The Digital World with Ryan Simon: The Precarious State of the Traditional Game Industry

As we engage a new Electronic Gaming Expo (E3), the largest video game exhibition in the world, there are many doubts floating around amongst game developers and gaming fans alike. Can the game industry continue to spend millions of dollars developing traditional console and PC games? Is it better to abandon consoles for simpler social and mobile games with larger profit margins and reduced risk? At face value, the answer to the aforementioned questions is no it can’t, and yes it is better. There is no denying the power of the smartphone revolution; it has significantly altered the perceptions of software delivery—especially when it comes to video games. Something is happening to the industry that goes beyond an outdated revenue model.

Game developers, publishers and console manufacturers need to realize that the game industry is still young and incredibly volatile. It is constantly changing and evolving due to fickle consumer demands and technological advancements. What works today for the game industry may not be so pleasing to consumers a year from now. This is a challenge that many smaller game studios going all-in on console and PC gaming have failed to overcome. Instead, previously unknown small-time game developers like Rovio and their “Angry Birds” have made a fortune in the mobile space. With much fewer risks, fewer barriers to entry and higher profit margins, mobile game development makes a lot more sense for the smaller and many times more innovative teams. They have room to experiment and come up with interesting new game concepts without risking tens of millions of dollars on one high-profile console game.

One recent example of the high-risk nature of the traditional game industry is the story of 38 Studios and their action game “Kingdoms of Amalur: Reckoning.” The game itself received fantastic reviews from the gaming press but failed to sell more than some 300,000 copies at retail. It underperformed at a time when 38 Studios desperately needed capital to stay afloat. The studio now owes the state of Rhode Island more than $100 million and as of May 24, has laid off all of its 400 employees. When one or two bad business decisions can bring down a multi-million dollar operation, something is terribly wrong. Blame the complex nature of modern game development or the impossible to satiate consumer demands, but traditional game development as we know it cannot sustain itself much longer as it is. Change needs to happen.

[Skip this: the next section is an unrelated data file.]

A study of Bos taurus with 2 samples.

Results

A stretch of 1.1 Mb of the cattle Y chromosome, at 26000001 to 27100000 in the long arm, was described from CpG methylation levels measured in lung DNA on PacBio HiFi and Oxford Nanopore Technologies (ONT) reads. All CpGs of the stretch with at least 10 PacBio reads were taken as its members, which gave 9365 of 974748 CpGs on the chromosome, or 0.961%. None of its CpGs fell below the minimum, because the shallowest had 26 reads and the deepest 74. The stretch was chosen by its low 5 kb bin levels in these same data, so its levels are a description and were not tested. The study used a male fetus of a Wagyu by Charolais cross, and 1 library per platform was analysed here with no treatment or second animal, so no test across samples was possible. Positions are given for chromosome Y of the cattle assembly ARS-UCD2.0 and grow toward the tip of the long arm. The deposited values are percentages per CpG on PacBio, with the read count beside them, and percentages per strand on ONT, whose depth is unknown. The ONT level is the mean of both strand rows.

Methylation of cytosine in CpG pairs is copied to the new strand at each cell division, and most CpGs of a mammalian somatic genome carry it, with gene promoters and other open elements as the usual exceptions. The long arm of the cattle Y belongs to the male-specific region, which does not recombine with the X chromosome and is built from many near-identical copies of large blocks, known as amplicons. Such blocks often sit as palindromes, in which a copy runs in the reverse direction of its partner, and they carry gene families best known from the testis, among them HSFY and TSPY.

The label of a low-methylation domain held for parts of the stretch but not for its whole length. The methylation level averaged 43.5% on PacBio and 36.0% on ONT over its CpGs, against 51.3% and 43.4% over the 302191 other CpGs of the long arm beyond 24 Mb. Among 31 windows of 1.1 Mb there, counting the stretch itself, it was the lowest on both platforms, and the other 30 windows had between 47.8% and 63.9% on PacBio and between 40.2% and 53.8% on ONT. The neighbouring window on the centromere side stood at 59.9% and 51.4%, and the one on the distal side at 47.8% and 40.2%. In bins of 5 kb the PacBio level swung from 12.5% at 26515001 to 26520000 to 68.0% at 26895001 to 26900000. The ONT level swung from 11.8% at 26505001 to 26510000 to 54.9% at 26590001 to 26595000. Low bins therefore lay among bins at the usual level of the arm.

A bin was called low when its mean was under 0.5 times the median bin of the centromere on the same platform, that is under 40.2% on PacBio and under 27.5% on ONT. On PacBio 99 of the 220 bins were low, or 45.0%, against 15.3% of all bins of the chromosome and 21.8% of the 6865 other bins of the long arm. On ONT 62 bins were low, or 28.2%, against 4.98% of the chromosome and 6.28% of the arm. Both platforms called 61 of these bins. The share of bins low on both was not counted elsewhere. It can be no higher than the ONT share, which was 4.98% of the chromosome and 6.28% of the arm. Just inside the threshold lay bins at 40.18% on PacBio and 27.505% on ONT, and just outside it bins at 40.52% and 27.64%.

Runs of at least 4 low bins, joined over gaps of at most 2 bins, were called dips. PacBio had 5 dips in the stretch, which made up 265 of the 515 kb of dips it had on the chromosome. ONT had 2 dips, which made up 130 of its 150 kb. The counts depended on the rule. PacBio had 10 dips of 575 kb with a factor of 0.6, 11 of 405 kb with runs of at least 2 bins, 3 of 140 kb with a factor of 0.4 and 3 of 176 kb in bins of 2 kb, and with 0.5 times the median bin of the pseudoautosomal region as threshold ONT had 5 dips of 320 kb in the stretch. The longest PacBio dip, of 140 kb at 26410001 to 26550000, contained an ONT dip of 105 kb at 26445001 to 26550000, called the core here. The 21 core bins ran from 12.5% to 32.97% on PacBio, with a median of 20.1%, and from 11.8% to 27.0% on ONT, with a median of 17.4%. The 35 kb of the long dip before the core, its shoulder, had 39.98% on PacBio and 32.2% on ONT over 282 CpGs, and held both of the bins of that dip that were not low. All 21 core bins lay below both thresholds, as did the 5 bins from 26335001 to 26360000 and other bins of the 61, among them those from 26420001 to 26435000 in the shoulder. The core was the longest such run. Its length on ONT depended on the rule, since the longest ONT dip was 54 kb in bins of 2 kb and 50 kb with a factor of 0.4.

Nintendo had the right idea with the Wii. It is a cost effective, easy-to-develop-for game console; it has a much smaller barrier to entry for developers. Game development costs on the Wii are significantly less than either PS3 or Xbox 360 due to the Wii’s less capable innards. Some arguments could be made that the Wii helped soften the blow many game publishers faced when investing in high-cost and underperforming HD games developed for the PS3, Xbox 360 and PC. Despite all the ridicule the Wii receives for its underwhelming graphics and processing power, it is a step in the right direction for traditional gaming. Console manufacturers need to step back and see the bigger picture here: pushing the traditional game industry forward with just console horsepower alone will destroy it.

If console manufacturers do not realize that they are hindering the traditional games market by making their game systems overly complex and difficult to develop for, there won’t be much of a market left a few years from now. This is what will make E3 2012 and 2013 so interesting to watch. As Nintendo, Sony and Microsoft showcase their next-generation game consoles developers around the world will be able to gauge if investing into traditional gaming continues to make sense. From a business perspective, traditional gaming as it is now makes very little sense to the majority of game studios. We’ll soon see if Nintendo agrees.